The nationwide network of EHRs that the feds are building will include variousPHRs on the market, and possibly those from Google and Microsoft.
A PHR is the patient’s version of an electronic health record maintained by a doctor or hospital. Some PHRs are, in fact, online extensions of an EHR, allowing patients to view selected bits of health data that are packaged in a layman-friendly way. Other PHRs are separate online systems offered by health insurers, employers, and non-healthcare businesses like Google and Microsoft. While patients ostensibly control these PHRs, they can give doctors and hospitals permission to view them.
These stand-alone PHRs also may interface with the IT systems of physicians, hospitals, insurers, and the like, again, with the patient’s permission. That linkage allows data like medication lists and lab results stored in an EHR to automatically flow into the PHR, sparing the patient some record-keeping. Plus, the patient can share his constantly updated PHR with other providers. Google is giving this kind of connectivity a test run by interfacing its PHR-called Google Health-to the EHR of the Cleveland Clinic. Microsoft is conducting a similar experiment with its HealthVault PHR and the Mayo Clinic.
So what’s this got to do with the feds? Plenty. The Bush administration wants most Americans to have an EHR by 2014, and it wants these EHRs connected to each other in a nationwide health information network, or NHIN. The US Department of Health and Human Services intends to build this system from components such as regional health information organizations, or RHIOs. Also called health information exchanges, RHIOs are data-sharing networks formed by doctors, hospitals, insurers, and employers in a city or state.
Last month, an HHS official announced that the NHIN would be expanded in 2008 to include federal agencies such as the Departments of Defense and Veterans Affairs, large integrated delivery systems, and PHRs created by “entrepreneurial organizations.” One news organization erroneously suggested that the HHS already had agreements in the works with Google and Microsoft, but later made a retraction.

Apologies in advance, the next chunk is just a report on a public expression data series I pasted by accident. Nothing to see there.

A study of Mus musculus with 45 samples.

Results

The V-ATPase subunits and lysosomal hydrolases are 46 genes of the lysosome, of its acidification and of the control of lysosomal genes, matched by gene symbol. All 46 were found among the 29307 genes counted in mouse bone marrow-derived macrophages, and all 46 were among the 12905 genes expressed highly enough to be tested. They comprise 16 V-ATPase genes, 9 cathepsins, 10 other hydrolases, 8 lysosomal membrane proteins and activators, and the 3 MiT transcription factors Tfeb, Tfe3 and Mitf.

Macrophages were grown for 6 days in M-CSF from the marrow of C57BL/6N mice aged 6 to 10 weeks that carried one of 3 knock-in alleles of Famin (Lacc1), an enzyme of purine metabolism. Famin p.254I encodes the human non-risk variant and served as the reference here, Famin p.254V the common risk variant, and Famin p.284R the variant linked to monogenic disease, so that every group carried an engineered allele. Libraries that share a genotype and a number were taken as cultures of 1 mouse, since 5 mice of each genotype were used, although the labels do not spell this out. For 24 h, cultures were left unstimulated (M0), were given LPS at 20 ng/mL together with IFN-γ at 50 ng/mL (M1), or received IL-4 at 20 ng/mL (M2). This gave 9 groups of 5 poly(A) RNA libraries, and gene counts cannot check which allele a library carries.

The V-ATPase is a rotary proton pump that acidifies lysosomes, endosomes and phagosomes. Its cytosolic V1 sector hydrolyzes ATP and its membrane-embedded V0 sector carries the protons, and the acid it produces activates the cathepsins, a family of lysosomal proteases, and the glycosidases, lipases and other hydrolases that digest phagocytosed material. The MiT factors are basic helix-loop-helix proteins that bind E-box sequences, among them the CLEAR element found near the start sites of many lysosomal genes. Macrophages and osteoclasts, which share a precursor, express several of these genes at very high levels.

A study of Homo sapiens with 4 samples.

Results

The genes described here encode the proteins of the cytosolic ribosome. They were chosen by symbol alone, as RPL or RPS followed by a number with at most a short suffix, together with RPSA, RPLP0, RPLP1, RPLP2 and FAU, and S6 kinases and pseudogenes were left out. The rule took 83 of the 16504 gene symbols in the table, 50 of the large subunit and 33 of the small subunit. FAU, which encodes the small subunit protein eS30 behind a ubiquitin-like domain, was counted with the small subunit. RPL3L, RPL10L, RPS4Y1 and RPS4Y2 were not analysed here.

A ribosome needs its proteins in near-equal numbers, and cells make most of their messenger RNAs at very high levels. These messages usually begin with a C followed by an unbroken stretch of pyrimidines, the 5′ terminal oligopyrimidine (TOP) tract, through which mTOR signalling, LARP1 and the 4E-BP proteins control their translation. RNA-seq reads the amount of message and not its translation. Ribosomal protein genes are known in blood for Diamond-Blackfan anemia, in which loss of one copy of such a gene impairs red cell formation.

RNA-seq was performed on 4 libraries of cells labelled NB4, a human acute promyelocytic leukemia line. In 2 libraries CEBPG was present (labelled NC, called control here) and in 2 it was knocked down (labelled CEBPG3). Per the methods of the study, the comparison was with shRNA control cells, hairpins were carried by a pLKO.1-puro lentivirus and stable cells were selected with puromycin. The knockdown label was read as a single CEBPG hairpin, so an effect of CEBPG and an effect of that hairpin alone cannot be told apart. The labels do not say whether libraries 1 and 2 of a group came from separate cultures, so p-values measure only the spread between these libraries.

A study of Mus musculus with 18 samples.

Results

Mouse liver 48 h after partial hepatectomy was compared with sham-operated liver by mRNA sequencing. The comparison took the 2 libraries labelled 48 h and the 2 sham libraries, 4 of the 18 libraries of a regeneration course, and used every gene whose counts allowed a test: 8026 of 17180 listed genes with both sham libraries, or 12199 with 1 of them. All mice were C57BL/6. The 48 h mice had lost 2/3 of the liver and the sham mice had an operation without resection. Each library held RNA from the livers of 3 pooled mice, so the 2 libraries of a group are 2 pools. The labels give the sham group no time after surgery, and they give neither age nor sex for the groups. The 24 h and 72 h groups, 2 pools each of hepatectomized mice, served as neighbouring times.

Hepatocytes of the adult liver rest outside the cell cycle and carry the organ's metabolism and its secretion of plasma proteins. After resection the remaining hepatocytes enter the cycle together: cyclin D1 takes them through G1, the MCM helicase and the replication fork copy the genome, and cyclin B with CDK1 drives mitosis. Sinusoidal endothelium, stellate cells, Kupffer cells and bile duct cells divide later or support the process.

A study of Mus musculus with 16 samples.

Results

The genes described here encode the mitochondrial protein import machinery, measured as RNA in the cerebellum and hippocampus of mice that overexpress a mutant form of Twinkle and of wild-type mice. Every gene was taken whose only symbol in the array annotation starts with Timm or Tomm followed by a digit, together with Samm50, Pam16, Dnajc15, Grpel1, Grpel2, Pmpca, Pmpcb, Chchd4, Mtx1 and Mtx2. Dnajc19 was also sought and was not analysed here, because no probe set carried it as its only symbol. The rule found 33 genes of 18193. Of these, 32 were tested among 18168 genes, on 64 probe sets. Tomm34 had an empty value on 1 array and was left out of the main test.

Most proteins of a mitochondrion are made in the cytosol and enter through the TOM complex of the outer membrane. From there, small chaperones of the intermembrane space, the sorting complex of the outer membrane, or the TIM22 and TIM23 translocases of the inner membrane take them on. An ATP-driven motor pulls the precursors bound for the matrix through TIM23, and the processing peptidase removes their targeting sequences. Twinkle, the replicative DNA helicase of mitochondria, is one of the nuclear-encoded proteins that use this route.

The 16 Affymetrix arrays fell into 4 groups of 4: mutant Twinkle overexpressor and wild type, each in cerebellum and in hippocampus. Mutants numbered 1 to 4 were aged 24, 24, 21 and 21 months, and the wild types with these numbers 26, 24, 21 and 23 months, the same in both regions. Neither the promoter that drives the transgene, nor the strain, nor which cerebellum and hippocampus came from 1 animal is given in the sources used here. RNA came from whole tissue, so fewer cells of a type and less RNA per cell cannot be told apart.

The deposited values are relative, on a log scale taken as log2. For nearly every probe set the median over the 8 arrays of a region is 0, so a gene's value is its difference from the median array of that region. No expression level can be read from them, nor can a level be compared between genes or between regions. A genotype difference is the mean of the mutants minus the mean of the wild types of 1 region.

However, the Google and Microsoft PHRs are in the running as future NHIN components, says medical informaticist David Loonsk, director of interoperability and standards for the Office of the National Coordinator for Health Information Technology, which is spearheading the HHS effort to digitize medicine. PHRs are important for the NHIN, he says, because giving patients access to their health records “puts them front and center in understanding and managing their care,” says Loonsk. A PHR, he notes, can be used by multiple healthcare providers and “support new services for prevention and quality and efficiency of care.”
This year, HHS is giving the NHIN a trial run. So far, it’s signed up nine RHIOs to exchange health data with each other as well as the Department of Defense, the VA, and the Social Security Administration in a demonstration project. In the next few weeks, HHS will announce five to 10 additional project participants, which could include integrated health systems, “entrepreneurial” PHRs, and more RHIOs, according to Loonsk. The NHIN could go into operation as early as 2009, although on a limited basis, he adds.
PHRs like those operated by Google and Microsoft worry some privacy advocatebecause they do not fall under the privacy and security requirements of HIPAA.Not to worry, says Loonsk. He anticipates that NHIN participants will agree onsecurity safeguards “that may exceed HIPAA.”